It’s a typical scene at college campuses across the country — students with their noses buried in books, engaged in the pursuit of knowledge and hoping to one day make their mark on the world.
It's not the first place one would imagine finding government spies, but investigative reporter Dan Golden said you would be surprised.
“There’s an awful lot more international students, international professors at American universities. Some of them are here to gather information for their countries, scientific secrets or cultivate sources,” said Golden, author of "Spy Schools."
Golden discusses various instances of espionage in academia and said the free flow of ideas and cultural exchange fostered by universities make them vulnerable to acts of espionage.
At the FBI’s field office in New York, Charlie McGonigal, a special agent in charge of the counterintelligence division, said espionage on campus is a big problem.
“In the United States, our academic institutions are very open,” said McGonigal. “There’s a lot of research and development at major universities in the United States that a foreign government would look to exploit by sending students to study at these universities.”
Americans studying abroad can also become targets of foreign governments. In 2014, the FBI commissioned a film based on the real-life exploits of Glenn Shriver, an American student recruited to spy for China.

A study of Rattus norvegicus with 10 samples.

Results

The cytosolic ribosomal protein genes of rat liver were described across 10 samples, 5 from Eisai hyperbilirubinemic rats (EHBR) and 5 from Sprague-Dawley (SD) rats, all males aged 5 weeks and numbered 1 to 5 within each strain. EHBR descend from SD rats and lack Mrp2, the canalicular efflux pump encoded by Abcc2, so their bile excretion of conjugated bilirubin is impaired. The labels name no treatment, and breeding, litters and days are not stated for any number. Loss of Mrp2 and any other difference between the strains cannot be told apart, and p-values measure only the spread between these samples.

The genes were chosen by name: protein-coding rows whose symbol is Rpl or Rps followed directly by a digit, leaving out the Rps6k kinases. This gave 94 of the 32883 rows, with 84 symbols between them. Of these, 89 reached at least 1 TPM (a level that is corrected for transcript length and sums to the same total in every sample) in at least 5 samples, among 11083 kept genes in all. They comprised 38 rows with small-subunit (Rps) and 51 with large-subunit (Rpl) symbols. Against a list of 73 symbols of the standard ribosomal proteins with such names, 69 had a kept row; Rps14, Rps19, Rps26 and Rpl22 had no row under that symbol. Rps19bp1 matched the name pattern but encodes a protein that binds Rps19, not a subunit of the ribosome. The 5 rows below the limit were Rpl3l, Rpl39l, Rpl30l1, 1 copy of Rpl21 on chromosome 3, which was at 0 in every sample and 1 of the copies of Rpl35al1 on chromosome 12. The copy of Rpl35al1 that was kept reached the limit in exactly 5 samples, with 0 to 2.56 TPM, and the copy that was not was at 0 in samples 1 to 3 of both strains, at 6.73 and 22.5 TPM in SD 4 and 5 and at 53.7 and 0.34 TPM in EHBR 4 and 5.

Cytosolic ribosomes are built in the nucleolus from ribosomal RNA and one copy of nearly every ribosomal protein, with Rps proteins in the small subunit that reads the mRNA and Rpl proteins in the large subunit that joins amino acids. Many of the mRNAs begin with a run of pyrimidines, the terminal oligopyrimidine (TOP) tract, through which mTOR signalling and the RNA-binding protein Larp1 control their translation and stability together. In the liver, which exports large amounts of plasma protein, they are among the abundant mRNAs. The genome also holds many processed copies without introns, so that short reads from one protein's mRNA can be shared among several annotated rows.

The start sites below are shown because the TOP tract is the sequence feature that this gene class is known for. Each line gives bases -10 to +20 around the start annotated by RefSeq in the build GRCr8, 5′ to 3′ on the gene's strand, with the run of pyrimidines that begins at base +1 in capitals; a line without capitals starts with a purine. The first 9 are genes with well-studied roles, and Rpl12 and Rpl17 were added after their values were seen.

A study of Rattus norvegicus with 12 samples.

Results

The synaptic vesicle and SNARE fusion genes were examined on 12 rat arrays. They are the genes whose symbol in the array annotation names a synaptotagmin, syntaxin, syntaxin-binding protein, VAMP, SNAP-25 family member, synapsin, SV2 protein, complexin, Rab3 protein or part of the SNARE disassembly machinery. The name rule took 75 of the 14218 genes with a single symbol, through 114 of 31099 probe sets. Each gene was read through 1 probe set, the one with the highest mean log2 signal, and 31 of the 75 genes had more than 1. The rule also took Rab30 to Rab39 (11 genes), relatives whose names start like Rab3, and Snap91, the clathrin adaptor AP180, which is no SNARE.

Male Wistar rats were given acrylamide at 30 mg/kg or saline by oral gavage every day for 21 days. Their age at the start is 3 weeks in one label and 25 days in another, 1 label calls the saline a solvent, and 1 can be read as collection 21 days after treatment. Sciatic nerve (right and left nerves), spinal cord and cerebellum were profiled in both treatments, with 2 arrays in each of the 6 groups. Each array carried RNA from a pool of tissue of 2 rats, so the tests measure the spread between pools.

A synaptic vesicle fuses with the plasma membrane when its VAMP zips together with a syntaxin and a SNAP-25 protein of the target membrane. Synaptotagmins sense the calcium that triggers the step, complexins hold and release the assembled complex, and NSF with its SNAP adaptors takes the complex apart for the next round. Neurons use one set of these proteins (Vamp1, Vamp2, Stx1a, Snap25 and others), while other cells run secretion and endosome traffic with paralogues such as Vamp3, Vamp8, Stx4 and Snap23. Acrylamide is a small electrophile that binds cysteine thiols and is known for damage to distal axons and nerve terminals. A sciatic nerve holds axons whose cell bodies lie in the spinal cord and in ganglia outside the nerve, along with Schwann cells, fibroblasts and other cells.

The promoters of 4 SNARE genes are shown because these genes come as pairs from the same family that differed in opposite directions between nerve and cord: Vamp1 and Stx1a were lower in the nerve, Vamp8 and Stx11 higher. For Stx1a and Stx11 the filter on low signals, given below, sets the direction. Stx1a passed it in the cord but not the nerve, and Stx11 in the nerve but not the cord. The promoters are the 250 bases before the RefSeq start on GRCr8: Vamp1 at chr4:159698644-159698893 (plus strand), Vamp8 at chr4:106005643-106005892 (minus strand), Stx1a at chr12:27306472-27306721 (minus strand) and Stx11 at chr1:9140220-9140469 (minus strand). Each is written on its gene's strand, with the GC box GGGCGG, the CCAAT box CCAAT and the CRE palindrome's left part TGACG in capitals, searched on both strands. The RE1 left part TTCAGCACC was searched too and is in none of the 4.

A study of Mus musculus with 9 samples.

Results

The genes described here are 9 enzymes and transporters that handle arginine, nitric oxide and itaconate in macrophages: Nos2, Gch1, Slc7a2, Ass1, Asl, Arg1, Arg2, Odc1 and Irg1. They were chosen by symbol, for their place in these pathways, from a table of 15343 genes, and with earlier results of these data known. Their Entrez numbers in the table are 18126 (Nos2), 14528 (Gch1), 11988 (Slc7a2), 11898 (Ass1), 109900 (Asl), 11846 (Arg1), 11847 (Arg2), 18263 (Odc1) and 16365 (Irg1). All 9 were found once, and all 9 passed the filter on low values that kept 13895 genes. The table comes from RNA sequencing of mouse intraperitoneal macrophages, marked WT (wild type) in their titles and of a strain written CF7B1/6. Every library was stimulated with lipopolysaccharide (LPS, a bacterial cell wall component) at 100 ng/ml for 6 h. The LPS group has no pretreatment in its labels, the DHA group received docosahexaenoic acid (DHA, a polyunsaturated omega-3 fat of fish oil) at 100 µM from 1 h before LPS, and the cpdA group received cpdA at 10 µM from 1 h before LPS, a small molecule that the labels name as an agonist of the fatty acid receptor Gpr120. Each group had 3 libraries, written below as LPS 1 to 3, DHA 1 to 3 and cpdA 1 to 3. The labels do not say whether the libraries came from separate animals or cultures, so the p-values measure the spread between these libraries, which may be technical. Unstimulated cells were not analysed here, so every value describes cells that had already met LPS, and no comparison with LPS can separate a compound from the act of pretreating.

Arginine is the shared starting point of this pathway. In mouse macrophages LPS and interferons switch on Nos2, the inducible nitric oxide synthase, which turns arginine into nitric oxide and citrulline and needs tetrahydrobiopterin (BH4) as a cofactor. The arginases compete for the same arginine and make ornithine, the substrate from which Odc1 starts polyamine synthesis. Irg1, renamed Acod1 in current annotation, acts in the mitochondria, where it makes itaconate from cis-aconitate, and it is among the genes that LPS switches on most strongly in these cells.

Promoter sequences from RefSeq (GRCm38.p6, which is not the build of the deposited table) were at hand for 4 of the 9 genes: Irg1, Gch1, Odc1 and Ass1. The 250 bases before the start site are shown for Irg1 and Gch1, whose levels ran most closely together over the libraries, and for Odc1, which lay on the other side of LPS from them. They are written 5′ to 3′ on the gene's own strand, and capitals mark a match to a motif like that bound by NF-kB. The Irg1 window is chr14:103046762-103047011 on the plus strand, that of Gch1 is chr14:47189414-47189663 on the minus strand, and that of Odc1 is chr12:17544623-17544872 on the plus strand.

“Students are recruited by those governments, and then they’re asked to go and apply for employment with the U.S. government or in a sensitive private sector area where we know those governments are targeting that type of specific information,” said McGonigal.
Going both ways
But spy efforts are a two-way street, and the United States is no stranger to intelligence-gathering operations in academia, either. Alex van Schaick was a Fulbright scholar researching organized labor movements in Bolivia when he met a U.S. government official for what he presumed to be a customary security briefing.
Van Schaick was troubled by the request from the official. “He said, ‘Oh, and if you’re out doing field work out in the countryside, if you run into any Cuban doctors or Venezuelan officials, we’d like you to report their whereabouts back to the U.S. embassy, because we know they’re out there, and we want to keep tabs on them.’”
“My first thinking was, ‘Whoa, this person just kind of asked me to spy for the U.S. government.’ And I’m here as part of a program that is supposed to encourage solidarity and people-to-people exchange,” added van Schaick.
McGonigal contends that these kinds of recruitment efforts are rare.
“We do periodically enter in that type of agreement, but it’s not as prevalent or nefarious as what you see from our students being exploited by the Chinese government or Russian government,” McGonigal said.
Golden said raising awareness about the prevalence of espionage is key, citing the 2010 case of Russian sleeper agents who for years posed as ordinary Americans.
“The vast majority of them were going to American colleges and universities, or had gone to them. That seemed to be something that Russia regarded as a crucial part of legitimizing a spy, an American college degree,” Golden said.